Q. Do you feel like everything is sort of coming together in your game the way you want it to?
I've done really well. Denis is a very tough opponent. He's a great quality player. He has tested a lot of top players on different surfaces because he's very talented and he can hit the ball really well.
Q. At the end of the game when you served for the match the first time, dropped your serve, you broke right back, was that good for you to be tested at the end?
I didn't want to drop the third set, obviously, so I was very focused to get the job done in straight sets.
Q. It was cool. But would you rather the roof be open for your matches?
But it's understandable. Before the match, the people from the organization approached me and showed me the forecast and said it was going to rain on and off, it was unpredictable, they couldn't risk, they should close the roof. It was fine.
Q. You have great fans here in Australia. I wonder if it frustrates you sometimes that that's not the case everywhere despite the effort you put into engaging your fans?
Of course, I mean, I cannot be angry on the people who are supporting my opponent. It's all sport. It's normal you have your preferred players, you have your favorites. You have to deal with it.
Q. Many young Australian players coming from Serbian communities, you are a huge role model for them. Is there a message, advice you can give them?
Young players have to, first of all, like what they do. I think that's a key to doing any kind of sport, any kind of activity. You have to enjoy it. If you don't enjoy it, it's not worth doing it. Of course, having proper conditions, having a right desire, willpower, that of course gets you very far away.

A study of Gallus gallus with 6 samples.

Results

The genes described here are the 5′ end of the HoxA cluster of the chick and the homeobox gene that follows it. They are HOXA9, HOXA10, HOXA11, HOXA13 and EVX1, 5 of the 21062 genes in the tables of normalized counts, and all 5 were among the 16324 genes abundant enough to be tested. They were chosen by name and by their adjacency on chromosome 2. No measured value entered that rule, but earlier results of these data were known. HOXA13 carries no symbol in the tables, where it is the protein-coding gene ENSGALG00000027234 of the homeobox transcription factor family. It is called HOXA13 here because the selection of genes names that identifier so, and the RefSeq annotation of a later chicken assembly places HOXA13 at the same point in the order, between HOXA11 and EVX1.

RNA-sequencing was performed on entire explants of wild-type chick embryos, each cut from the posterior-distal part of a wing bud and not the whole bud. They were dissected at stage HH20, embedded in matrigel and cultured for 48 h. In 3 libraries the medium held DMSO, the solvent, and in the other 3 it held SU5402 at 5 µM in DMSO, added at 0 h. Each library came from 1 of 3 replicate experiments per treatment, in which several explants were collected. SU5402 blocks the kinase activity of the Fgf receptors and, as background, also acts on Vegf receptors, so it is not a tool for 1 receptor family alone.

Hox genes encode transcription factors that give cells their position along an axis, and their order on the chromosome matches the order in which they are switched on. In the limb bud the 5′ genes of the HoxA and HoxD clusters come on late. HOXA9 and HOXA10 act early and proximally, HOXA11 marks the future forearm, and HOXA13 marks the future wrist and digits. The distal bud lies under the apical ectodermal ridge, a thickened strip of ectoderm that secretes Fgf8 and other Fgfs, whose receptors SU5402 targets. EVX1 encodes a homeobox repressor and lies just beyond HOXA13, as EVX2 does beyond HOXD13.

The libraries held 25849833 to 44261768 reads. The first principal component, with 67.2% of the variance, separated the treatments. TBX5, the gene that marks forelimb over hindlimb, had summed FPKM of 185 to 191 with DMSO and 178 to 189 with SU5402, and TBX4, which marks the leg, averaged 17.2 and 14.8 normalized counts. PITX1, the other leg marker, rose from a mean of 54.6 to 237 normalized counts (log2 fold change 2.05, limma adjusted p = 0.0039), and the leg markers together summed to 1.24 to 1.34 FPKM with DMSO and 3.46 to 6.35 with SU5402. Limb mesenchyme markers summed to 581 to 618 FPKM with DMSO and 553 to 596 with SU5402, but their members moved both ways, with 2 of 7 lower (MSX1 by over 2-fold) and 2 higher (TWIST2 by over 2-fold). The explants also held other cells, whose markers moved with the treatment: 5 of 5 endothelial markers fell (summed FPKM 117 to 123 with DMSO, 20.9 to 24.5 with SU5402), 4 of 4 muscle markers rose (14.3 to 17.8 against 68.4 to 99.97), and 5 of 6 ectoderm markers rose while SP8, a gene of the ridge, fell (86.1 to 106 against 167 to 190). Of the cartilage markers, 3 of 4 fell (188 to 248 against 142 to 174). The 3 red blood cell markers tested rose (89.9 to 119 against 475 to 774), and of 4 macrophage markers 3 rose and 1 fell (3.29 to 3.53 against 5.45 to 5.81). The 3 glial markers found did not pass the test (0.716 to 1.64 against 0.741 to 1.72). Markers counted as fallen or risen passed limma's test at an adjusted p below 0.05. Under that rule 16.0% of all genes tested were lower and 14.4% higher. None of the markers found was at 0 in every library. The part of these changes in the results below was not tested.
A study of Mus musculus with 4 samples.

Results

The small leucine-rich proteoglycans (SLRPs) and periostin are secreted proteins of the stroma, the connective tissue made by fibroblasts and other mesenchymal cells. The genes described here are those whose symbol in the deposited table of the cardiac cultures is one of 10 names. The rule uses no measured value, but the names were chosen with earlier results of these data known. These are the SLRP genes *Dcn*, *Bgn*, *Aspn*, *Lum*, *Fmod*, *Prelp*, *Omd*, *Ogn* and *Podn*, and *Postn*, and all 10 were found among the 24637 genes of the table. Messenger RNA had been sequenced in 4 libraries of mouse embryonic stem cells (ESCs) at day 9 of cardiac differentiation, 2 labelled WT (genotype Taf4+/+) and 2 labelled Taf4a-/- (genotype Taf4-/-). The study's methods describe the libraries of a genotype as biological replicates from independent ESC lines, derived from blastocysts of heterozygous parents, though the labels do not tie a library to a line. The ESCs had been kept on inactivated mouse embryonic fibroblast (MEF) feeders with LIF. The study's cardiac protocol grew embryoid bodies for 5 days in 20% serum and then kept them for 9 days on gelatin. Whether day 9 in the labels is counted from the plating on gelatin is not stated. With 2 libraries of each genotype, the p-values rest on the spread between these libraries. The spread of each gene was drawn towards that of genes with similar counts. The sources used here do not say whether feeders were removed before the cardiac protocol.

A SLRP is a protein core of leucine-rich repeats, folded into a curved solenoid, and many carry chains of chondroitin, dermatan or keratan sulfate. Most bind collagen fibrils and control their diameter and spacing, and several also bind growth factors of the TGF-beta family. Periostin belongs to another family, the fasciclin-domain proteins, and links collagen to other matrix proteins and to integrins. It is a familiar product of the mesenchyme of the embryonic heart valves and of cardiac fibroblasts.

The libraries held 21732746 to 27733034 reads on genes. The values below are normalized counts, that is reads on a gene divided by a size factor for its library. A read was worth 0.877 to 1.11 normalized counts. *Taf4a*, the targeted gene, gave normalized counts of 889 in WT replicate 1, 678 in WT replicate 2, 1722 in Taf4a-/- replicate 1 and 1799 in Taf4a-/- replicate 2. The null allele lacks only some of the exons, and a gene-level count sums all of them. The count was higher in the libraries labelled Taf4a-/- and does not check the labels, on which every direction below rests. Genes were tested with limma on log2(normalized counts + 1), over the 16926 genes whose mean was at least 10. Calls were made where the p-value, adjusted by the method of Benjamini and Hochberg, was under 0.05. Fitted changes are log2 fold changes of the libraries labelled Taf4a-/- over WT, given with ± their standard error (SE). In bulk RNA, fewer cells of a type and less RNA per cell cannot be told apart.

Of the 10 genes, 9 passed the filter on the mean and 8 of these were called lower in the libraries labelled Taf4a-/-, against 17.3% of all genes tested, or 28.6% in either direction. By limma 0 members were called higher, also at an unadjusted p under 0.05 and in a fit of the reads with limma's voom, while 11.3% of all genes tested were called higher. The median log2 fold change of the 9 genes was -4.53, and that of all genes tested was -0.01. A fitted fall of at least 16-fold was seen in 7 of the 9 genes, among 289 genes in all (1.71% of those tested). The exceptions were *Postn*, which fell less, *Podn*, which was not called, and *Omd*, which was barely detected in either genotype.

Q. Your next opponent, you mentioned you've been friends for a long time. Does that change anything about the way you go into the match?
Once we get on the court, of course we're both professionals, we want to win. He's 15 in the world. He's been playing some really good tennis.
He's a clay court specialist, so that's where he made his best results. But lately he's been performing really well on hard court. Today he beat Sam Querrey, who is a hard court specialist, big serve, in form, and Fabio won.
I don't take anything easy. I try to do as best as possible.
Q. How focused have you been this week on trying to get through your matches quickly and conserve energy for the second week?
Q. We used to say that Wimbledon was Roger's living room. Is that the same for you here?
Q. Were you surprised by del Potro's elimination yesterday?
Bautista Agut definitely went to the court with nothing to lose and trying to play his best, and took him to five sets. It was a huge win for him. It was very tough conditions yesterday, so maybe that affected DelPo a little bit. But it definitely is a surprise.
Q. Do you think the mental aspect of the game these days is more difficult than the physical to get over?
But that mental edge, that's something that you can't get it in the gym. You have to be able to play and understand who you are, get really deep into your character. Of course, you need to use the necessary experience on the court. Fail, fail, fail, but keep on coming back stronger. Eventually, that's what's going to help you succeed.